ADRC helps people with dementia find needed resources
When someone has a form of dementia it can become stressful for he or she and their loved ones to figure out legal matters and how to financially support caregiving help that may be needed. However, help is available to them.
St. Croix County Aging and Disability Resource Center (ADRC) dementia specialist Nancy Abrahamson said the ADRC tries to help people with dementia stay in their homes as long as possible.
"When people become isolated, they lose function more quickly," Abrahamson said. "We want people to be social and maintain their activities."
St. Croix County ADRC caregiver support coordinator Tara Murdzek said grants are available to St. Croix county residents specifically designed for dementia caregivers. Murdzek said caregivers who are interested in applying for the grant can come to her for help.
"I sit down and fill out the intake form, very painless," Murdzek said. "I do all the work."
In St. Croix County, the most someone can qualify for with the Alzheimer's Family and Caregiver Support Program (AFCSP) grant is $4,000 per year; this money can be used for a variety of things, which she can go over with people. Most of the grant recipients use the money for the same thing.
"Most use it for respite," Murdzek said. "They have a home health aide come to the house, so the caregiver can get away."
In order to qualify for the AFCSP grant, Murdzek said the person must meet financial guidelines and must have a dementia diagnosis from a doctor.
Also, someone with dementia can apply for the National Family Caregiver Support Program (NFCSP) grant. There are no financial guidelines for this grant, but the person must be 60 years of age or older and need help with at least two daily living activities. She said most people who receive this grant use it for light housekeeping; it is a maximum of 112 hours per year.
Murdzek said no person can receive both grants at the same time. If the person is on Medicaid it could affect his/her eligibility. The best way to determine eligibility is for St. Croix residents to call the ADRC at 715-381-4360.
Pierce County ADRC social worker Michelle Meinan said availability of grant funding may vary by county, but anyone in Pierce County who is interested in finding out more should contact the ADRC at 715-273-6780.
In addition to helping with financial support, Meinan said the ADRC can also help people navigate through the legal matters of filling out power of attorney (POA) forms, guardianship paperwork and even Medicaid applications.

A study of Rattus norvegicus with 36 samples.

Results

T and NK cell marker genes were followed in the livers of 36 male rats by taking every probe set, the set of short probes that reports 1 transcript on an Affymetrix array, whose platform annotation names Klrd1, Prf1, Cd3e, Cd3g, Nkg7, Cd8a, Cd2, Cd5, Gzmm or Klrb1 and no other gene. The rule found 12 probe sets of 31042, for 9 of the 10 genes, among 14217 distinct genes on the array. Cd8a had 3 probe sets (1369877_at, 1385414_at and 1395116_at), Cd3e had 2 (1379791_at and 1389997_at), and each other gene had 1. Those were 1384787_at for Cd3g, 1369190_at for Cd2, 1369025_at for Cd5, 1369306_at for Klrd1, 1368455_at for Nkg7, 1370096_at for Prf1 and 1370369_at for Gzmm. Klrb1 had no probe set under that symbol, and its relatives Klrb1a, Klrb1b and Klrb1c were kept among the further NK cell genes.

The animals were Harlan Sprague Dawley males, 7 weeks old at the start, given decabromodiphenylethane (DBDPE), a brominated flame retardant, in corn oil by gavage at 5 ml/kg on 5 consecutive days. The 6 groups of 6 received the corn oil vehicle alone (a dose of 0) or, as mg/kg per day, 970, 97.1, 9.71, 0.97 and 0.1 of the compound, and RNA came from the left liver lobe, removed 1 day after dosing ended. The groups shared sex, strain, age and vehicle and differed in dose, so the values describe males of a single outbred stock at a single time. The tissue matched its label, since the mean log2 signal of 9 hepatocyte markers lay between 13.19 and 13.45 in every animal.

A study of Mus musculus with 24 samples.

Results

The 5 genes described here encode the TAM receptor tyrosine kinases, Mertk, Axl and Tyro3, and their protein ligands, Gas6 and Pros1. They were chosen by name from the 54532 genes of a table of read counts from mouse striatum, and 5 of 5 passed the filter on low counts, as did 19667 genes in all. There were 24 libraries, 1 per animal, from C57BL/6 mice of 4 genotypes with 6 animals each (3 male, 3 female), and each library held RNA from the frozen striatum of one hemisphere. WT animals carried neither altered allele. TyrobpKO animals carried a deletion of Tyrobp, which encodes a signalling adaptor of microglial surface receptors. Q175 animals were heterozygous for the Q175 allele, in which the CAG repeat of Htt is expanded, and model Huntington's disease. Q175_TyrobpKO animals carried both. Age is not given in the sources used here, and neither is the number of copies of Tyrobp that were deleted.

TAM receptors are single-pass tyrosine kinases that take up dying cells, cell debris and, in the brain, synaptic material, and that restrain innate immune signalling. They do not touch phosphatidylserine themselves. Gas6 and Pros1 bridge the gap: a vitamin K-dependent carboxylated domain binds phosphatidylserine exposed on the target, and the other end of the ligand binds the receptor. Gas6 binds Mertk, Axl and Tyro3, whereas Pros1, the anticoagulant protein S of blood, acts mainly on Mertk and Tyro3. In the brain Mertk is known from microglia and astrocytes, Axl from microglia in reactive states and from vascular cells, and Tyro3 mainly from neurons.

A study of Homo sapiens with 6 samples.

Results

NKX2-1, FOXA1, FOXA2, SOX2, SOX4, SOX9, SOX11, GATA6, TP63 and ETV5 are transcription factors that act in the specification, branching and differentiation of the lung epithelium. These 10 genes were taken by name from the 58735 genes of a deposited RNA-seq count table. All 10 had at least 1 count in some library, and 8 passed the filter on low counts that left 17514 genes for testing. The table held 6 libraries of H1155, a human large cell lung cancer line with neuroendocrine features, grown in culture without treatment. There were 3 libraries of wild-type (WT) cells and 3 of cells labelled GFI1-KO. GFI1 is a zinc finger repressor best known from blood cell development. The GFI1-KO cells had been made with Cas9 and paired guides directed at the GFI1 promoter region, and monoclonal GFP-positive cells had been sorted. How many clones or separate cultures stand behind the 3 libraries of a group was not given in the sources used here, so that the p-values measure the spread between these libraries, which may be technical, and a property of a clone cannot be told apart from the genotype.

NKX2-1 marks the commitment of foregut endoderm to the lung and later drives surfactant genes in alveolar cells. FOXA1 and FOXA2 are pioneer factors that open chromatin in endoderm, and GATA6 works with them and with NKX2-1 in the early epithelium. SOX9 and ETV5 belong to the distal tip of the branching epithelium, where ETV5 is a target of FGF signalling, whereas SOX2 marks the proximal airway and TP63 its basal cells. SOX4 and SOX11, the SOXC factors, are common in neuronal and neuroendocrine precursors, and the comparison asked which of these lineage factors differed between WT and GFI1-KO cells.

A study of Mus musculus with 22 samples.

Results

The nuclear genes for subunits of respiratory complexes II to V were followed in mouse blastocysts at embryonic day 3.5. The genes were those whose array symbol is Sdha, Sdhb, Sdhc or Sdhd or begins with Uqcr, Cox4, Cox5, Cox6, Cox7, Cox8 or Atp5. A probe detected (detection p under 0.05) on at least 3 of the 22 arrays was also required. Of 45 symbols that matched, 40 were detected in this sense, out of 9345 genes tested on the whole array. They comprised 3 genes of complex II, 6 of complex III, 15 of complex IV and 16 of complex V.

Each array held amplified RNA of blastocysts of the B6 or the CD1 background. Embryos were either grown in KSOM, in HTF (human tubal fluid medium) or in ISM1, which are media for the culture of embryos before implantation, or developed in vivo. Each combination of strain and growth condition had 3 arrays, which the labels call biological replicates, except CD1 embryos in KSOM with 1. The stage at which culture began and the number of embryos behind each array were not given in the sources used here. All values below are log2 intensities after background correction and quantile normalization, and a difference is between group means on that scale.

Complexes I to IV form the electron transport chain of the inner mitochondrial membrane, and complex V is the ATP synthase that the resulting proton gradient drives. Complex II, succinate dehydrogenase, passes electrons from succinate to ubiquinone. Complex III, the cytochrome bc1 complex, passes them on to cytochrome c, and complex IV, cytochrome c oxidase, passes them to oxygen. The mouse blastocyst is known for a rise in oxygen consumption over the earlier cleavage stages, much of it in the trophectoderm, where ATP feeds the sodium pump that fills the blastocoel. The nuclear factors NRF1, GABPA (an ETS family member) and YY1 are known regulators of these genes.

"A big part of what we do here is to help people become qualified for Medicaid home-based services," Meinan said.
Meinan said all people should consider filling out POA paperwork, especially those with the earliest signs of dementia. The ADRC can help people fill out the paperwork so that if the time comes when they cannot make their own decisions, someone will have the ability to make decisions for them.
"When people have memory concerns we help them with POA," Meinan said. "[Then] the family can have the authority to follow through with their wishes."
Murdzek said sometimes people don't realize that even if they have a will, a POA is separate. By assigning a POA a person can make sure someone he/she trusts is determining what should happen.
Also, Murdzek said people need to understand that just because POA paperwork is filled out and signed does not mean that it will be in effect. As long as a person is able to make his/her own decisions safely, he/she can continue to do so. If the person reaches a time when he/she can't make decisions, two doctors must sign off saying the person is unable to make decisions before the POA will be activated.
Meinan said POA paperwork should be filled out early if someone is starting to have memory issues because POA paperwork can only be filled out if the person is still able to make his/her own decisions. If the memory loss is too far progressed it may become necessary for the caregiver to seek guardianship which means the caregiver would have to go through the courts to get authority to make decisions for his/her loved one.